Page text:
The Journal Gazette
 
 
Tuesday, October 29, 2019 1:00 am


Journal Gazette

A Fort Wayne man has been sentenced to 15 years in prison for sexual exploitation of a minor.

Scott Trischler, 25, pleaded guilty before U.S. District Court Judge Holly A. Brady, U.S. Attorney Thomas L. Kirsch II announced Monday.

Trischler was sentenced to 180 months in prison followed by five years of supervised release. A special assessment of $5,100 was also imposed.

According to court documents, Trischler communicated with a victim who was 12 years of age while he was playing with her as an administrator of an online game.

He continued to communicate with the victim after finding out his/her age and after the victim's parents attempted to stop the communication, documents said.

Trischler encouraged the victim to communicate with him on other online platforms and began engaging in sexually explicit communications, records said. He was also able to persuade the victim to send digital images and video that were sexually explicit, images he saved to his phone and eventually transferred to his computer.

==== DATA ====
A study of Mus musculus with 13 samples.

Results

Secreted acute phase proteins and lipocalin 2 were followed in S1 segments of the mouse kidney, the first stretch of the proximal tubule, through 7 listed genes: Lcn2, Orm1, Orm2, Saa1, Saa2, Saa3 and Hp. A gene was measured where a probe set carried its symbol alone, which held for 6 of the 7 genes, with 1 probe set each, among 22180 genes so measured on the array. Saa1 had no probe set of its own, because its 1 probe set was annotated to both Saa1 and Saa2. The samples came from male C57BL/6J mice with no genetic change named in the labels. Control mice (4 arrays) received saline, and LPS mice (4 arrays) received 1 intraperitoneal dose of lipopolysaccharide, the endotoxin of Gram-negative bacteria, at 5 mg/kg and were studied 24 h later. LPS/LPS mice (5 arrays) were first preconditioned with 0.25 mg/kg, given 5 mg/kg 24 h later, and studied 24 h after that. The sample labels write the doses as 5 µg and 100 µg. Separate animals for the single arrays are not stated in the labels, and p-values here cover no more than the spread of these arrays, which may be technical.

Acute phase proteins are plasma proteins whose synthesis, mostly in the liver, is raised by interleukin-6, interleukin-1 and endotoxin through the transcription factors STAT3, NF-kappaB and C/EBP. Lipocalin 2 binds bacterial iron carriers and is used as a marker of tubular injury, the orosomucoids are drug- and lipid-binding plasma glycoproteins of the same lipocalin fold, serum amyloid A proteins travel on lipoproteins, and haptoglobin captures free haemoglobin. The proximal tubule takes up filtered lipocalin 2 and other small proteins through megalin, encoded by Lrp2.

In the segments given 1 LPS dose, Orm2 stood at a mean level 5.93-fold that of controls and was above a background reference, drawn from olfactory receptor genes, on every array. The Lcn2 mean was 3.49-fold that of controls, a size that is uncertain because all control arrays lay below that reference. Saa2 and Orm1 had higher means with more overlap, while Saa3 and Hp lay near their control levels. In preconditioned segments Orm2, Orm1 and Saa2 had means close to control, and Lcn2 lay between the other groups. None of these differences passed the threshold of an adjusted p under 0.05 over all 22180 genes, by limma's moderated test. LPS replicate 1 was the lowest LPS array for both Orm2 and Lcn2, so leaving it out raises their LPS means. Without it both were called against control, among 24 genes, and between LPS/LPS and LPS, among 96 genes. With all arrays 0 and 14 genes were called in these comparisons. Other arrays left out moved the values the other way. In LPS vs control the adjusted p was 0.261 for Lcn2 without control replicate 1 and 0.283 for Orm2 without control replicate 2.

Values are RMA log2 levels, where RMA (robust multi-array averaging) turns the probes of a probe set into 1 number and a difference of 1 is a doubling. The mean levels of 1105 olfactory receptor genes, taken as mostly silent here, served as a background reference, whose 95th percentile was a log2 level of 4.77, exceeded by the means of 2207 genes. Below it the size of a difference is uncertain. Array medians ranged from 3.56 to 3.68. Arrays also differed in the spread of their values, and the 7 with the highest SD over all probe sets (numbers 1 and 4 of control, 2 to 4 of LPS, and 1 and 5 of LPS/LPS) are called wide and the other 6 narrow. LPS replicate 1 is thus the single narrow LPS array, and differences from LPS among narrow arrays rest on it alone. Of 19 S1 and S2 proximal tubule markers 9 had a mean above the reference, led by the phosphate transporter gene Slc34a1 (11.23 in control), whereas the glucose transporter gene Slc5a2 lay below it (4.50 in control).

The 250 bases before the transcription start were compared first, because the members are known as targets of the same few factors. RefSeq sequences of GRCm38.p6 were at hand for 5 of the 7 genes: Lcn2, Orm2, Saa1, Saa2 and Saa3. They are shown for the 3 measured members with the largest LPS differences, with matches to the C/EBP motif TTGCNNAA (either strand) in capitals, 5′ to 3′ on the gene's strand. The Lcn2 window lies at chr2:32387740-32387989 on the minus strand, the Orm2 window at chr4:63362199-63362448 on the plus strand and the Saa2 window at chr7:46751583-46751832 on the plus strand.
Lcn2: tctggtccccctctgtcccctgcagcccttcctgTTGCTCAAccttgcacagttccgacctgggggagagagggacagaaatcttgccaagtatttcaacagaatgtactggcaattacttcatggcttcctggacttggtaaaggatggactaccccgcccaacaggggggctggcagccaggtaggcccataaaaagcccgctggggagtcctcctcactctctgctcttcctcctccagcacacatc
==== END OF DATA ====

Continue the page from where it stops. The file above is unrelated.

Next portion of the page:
The initial charges were filed and handled by the U.S. attorney's office in the Eastern District of California, Fresno Office, and the defendant was arrested and pleaded guilty in the Northern District of Indiana.

The case was prosecuted by Stacey R. Speith, assistant U.S. attorney.

78 months given in child porn case

U.S. District Court Judge Holly A. Brady sentenced a Fort Wayne man to 61/2 years in prison after he pleaded guilty to receiving child pornography.

Shea Smith, 48, was sentenced to 78 months in prison followed by five years of supervised release and was ordered to forfeit the items involved in the commission of the offense, U.S. Attorney Thomas L. Kirsch II announced Monday.

According to court documents, Smith received child pornography from about July 2014 through July 2017. In his plea agreement, Smith agreed to forfeit the following items: desktop computers, laptop computers, a camera and a hard drive.

The case was investigated by the FBI's Violent Crimes Against Children Task Force. The case was handled by Lesley J. Miller Lowery, assistant U.S. attorney.